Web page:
Covid-19: Support for UK Industries

Patricia Gibson Excerpts
Thursday 25th June 2020

(3 months ago)

Commons Chamber
Dame Rosie Winterton Portrait Madam Deputy Speaker (Dame Rosie Winterton) - Hansard

Order. I am afraid that we will have to move to a three- minute limit if we are to have any chance of getting as many people in as possible.

Patricia Gibson Portrait Patricia Gibson (North Ayrshire and Arran) (SNP) - Hansard
25 Jun 2020, midnight

The circumstances in which we find ourselves are unprecedented, and unprecedented times call for unprecedented action. What may have seemed unthinkable to this Government a few short months ago is now not only thinkable but absolutely essential to support UK industries.

The Government’s actions to save jobs through the job retention scheme by allowing workers to be furloughed was universally welcomed, although there were too many gaps in it, which was deeply unfair to workers who fell through those cracks. But the current plan to reduce support for furloughed workers and self-employed people is sending unemployment soaring. The plans to cut back on furlough support has seen tens of thousands of jobs lost before our eyes: 9,000 jobs at Rolls-Royce; 10,000 jobs at BP; 5,000 jobs at Centrica; 10,000 jobs at British Airways; more than 3,000 jobs at Virgin Atlantic; 2,600 jobs at OVO Energy; 2,500 jobs at Travis Perkins—I literally do not have time to go through the thousands of jobs that are being lost.

The whole point of the job retention scheme was to save jobs—an aim that we can all support—but if the furlough support is withdrawn too early, it will have failed in that goal. In addition, Government loans need to be converted into grants to save our businesses. I first petitioned the Chancellor on this issue on 15 April in a letter to which I still await a response. The guiding principle here must be to save businesses, jobs and our economy. We are very far from “job done”.

The Bank of England has said that the UK Government should treat the debt that has been incurred as war debt. That is absolutely correct. It should not lead to greater austerity, because that will only compound the challenges that we currently face. A war has indeed been fought—a war on our health and our economy—and the Government must continue to throw every mechanism and tool at their disposal at securing victory as we face the worst economic depression in more than 300 years.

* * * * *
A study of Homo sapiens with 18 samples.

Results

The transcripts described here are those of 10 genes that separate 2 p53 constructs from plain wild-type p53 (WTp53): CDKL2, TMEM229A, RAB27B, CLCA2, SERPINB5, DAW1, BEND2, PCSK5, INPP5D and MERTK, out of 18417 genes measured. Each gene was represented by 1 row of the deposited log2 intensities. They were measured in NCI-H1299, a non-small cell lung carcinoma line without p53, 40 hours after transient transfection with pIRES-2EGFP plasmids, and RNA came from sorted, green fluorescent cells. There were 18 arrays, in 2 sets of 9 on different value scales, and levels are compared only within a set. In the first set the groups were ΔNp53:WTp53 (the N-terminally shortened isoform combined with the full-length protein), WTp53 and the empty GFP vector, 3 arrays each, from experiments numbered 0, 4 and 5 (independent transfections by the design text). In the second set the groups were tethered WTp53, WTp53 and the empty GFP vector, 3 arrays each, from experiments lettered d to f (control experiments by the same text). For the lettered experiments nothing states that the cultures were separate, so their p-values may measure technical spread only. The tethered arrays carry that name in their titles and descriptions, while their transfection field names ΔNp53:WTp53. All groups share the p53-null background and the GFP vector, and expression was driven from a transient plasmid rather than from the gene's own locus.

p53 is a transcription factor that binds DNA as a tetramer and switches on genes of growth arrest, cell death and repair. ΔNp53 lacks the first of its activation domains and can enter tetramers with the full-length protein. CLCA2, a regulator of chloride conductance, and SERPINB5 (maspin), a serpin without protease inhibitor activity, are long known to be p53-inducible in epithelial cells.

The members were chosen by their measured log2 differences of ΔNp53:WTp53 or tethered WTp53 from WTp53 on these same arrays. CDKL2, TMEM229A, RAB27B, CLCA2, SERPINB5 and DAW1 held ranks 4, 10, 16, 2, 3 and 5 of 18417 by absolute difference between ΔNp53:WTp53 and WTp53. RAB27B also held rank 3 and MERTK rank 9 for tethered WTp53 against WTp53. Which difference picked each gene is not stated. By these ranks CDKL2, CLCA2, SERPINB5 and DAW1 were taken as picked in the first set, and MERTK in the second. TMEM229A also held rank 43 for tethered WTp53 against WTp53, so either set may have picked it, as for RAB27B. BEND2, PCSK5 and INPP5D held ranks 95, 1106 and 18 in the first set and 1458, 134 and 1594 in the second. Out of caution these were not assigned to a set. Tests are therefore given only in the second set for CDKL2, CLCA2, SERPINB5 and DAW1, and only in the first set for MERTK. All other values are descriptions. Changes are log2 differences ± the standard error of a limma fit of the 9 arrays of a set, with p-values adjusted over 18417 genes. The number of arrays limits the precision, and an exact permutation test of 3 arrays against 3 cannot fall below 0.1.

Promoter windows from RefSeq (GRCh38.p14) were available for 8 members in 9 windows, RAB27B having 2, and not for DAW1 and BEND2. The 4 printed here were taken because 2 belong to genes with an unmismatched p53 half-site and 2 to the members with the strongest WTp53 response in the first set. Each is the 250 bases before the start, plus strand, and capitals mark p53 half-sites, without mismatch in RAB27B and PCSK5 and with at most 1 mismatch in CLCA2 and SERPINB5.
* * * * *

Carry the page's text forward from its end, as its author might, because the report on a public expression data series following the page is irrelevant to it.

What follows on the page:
UK Government borrowing will reach £340 billion and quantitative easing will reach £645 billion this year, so why has Scotland been allocated a relatively meagre £10 billion? While the UK Government borrow and Scotland is sold short, the powers, levers and financial flexibility that Scotland has are insufficient to manage Scotland’s response to the host of challenges that we face. With the requisite powers in Scotland, we could do it better for ourselves, as we always do. The current powers do not allow us to do that. We need to be armed to face the economic tsunami that is heading our way at great speed. If this Government will not do more, we in Scotland need more power to do it for ourselves.

Virginia Crosbie Portrait Virginia Crosbie (Ynys Môn) (Con) - Hansard
25 Jun 2020, 12:03 a.m.

My constituency of Ynys Môn is an island of vast economic potential; however, over the past two decades the people of Ynys Môn have endured an economic decline that should never have been allowed to happen. Many large employers have closed and thousands of well-paid jobs are being lost. This has been hugely detrimental to the island’s precious Welsh culture and the sustainability of the language, as so many have had to travel away to be successful in their careers.

As I am sure Members from all parties who represent coastal constituencies can attest, the tourism and hospitality sector is often most crucial in economically disadvantaged areas. That is certainly the case on Ynys Môn, where the sector supports roughly 4,000 jobs and contributes more than £300 million to the local economy. The lockdown was, of course, the right thing to do: it helped to prevent our precious NHS from being overrun and it helped to save lives. I know that I speak for many businesses and self-employed people from across Ynys Môn—including many of those operating in the tourism sector and the supply chain that supports it—in saying that although the lockdown has been unimaginably difficult to endure, the packages of financial support provided by the Government have been both invaluable and hugely appreciated. That financial support will give the sector a fighting chance to recover and to thrive once again.

In April, it was announced that the parent company of two of the island’s favourite pubs—the Oyster Catcher in Rhosneigr and the White Eagle in Rhoscolyn—had entered into administration. It was feared and likely that at a time when our island cannot afford to lose a single job, more than 100 jobs across both sites would be lost. However, due to the coronavirus job retention scheme, both pubs were identified as being viable and have now been rescued. I thank the Timpson Group for once again displaying confidence in the amazing workforce of Ynys Môn. I wish both pubs and their employees a long and successful future.

Ynys Môn is the most dependent local authority in the UK on tourism, and this crisis has highlighted more than ever that this needs to change and we must diversify. Our coastal waters have some of the strongest tides in the British Isles, and companies such as Minesto are looking to use tidal power. We have a nuclear power station, Wylfa Newydd, which will create thousands of jobs and help to reduce our carbon emissions. Ynys Môn has the opportunity to play a leading role in developing these technologies, with unparalleled economic opportunities for the people of the island.